MOBILE teams of dementia experts will be on call to nursing homes across Australia under a new Federal Government plan.
Assistant Social Services Minister Mitch Fifield announced $54.5 million funding over four years for the project that would allow aged care providers to call in clinical experts to help out when residents develop the most serious symptoms of the disease.
They will visit patients exhibiting extreme behaviours, assess the cause and advise staff on the best course of action.
Alzheimer's Australia president Graeme Samuel applauded the move, saying he hoped it would lead to a reduction in the use of physical and chemical restraints.
"This is a great initiative that will be welcomed by everyone who is aware of the difficulties associated with dementia and aged care," Mr Samuel said.
"Announcements of this kind provide much-needed national leadership in tackling dementia."
The program's first phase is expected to be rolled out nationally later this year after a competitive tender process.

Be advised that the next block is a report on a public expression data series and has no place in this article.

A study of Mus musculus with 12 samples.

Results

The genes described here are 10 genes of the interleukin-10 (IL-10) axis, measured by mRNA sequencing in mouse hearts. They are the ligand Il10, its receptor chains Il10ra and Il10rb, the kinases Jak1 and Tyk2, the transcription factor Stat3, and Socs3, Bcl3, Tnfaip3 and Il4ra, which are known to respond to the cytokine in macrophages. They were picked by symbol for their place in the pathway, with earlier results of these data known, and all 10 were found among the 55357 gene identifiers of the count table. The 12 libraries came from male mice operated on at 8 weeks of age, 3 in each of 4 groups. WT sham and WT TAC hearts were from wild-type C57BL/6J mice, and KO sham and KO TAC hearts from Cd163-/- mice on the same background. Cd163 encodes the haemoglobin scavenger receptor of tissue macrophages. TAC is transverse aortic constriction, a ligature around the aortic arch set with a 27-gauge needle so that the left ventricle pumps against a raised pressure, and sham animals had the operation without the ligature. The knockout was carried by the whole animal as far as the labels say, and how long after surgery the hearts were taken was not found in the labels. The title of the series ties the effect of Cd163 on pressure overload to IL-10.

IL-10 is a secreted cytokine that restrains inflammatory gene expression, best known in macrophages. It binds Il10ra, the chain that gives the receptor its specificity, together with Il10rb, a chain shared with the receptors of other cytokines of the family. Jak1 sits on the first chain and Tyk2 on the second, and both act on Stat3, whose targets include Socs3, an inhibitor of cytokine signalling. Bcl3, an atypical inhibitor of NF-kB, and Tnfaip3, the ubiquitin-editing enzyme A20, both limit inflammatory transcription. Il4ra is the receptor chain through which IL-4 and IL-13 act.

The group of experts, Severe Behaviour Response Teams, will work hand in hand with existing dementia services in each state and territory.
Mr Fifield said the government would also conduct an analysis of existing dementia programs during the first half of 2015.
The $54.5 million funding will be sourced from money the former Labor government allocated to its Dementia and Severe Behaviour Supplement that the Coalition axed in July after learning too many people were eligible.
Labor said 2000 people would be eligible for the supplement before its introduction, but 33,000 were receiving it by the time it was cut last year - a 16-fold blow-out.
It was budgeted to cost $11.7 million for the 2013-14 year but ended up costing $135 million.